Frascati, Italy. 11 March 2040.
Parvaneh Peykan lived and died for poetry. That love was how we kidnapped the scumbag so easily.
She had come out of a poetry reading at the Duke of York’s pub in Brighton. Dead chuffed, she was, and a little worse for drink. That lot cannot hold it – they don’t get the practice. This one had been reading her own verses, and they had gone down a treat among the pinkos.
We waited till she had moved away from the people she had come out of the pub with, an independent woman striding off on her own, then I came up behind her, called her name and waved a book of her poems. I asked her if she would be kind enough to autograph it. She agreed, of course, and when all her attention was on writing the curlicues of her name, the other agents came and crowded around with feigned interest. As soon as Carlo brought up the white van, we bundled her in, before she realised what was going on. None of those arty types from the pub had cars of their own, so we were well away before anyone raised the alarm. A few days later, we were back home in Italy and she was back home in Iran, in slightly less comfortable surroundings, no doubt.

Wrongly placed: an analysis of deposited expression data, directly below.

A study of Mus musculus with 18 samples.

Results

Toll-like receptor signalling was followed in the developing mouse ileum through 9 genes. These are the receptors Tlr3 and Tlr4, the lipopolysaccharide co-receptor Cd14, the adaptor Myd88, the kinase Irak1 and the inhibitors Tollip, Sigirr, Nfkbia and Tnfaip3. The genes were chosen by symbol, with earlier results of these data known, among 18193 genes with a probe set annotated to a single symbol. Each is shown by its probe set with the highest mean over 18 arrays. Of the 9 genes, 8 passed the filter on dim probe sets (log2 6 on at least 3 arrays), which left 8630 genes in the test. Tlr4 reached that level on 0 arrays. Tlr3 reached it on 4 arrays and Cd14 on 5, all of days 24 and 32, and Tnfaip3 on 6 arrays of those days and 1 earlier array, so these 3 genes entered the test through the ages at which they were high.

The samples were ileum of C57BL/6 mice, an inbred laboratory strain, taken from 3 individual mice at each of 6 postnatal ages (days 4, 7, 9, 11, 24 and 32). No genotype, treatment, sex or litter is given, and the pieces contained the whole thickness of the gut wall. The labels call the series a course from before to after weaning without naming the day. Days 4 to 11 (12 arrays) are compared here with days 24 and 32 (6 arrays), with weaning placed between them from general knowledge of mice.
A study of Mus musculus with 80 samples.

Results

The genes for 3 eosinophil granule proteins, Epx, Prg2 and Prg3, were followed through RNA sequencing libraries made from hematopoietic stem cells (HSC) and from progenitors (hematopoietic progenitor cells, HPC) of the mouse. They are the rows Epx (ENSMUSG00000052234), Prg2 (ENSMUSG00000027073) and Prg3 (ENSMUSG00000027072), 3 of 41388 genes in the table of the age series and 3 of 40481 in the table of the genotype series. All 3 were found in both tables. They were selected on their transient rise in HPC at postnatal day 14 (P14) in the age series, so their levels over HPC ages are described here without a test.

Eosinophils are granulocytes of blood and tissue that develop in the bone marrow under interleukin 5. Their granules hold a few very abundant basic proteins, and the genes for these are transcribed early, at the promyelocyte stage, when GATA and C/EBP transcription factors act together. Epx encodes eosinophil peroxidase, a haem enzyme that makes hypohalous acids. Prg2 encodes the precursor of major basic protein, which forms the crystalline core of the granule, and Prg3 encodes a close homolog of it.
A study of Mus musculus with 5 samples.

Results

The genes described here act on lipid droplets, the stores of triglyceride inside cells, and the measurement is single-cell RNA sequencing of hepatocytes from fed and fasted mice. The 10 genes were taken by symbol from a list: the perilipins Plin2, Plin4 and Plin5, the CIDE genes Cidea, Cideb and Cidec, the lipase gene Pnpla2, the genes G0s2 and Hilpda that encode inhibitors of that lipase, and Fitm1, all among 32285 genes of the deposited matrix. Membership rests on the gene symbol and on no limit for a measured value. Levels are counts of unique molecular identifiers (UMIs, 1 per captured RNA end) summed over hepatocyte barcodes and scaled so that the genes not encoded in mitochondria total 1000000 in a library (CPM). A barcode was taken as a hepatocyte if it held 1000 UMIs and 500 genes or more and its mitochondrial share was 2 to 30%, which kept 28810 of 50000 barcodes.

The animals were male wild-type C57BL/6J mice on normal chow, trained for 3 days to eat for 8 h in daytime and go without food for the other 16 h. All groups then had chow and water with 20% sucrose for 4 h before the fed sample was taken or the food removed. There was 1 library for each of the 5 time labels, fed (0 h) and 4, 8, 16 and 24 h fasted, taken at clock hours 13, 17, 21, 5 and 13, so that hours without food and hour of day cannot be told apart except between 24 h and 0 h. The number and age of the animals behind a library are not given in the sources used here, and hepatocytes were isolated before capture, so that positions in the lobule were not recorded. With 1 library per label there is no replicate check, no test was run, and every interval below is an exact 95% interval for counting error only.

What do you mean, what had she done? She was a dissident, wasn’t she? Blimey, a Muslim fundamentalist Iran was bad enough; a secular Iran was unthinkable. Look at all the trouble Turkey has caused us. In return for the poet, we got the ayatollahs’ backing for a permanent seat on the United Nations Security Council. Plus the regime leant on its Shia buddies in Iraq next door, where there was a war going on, to release the Italian soldiers or journalists who fell into their hands from time to time. It was a good deal, and it seemed like a job well done. But some of our team had not been careful.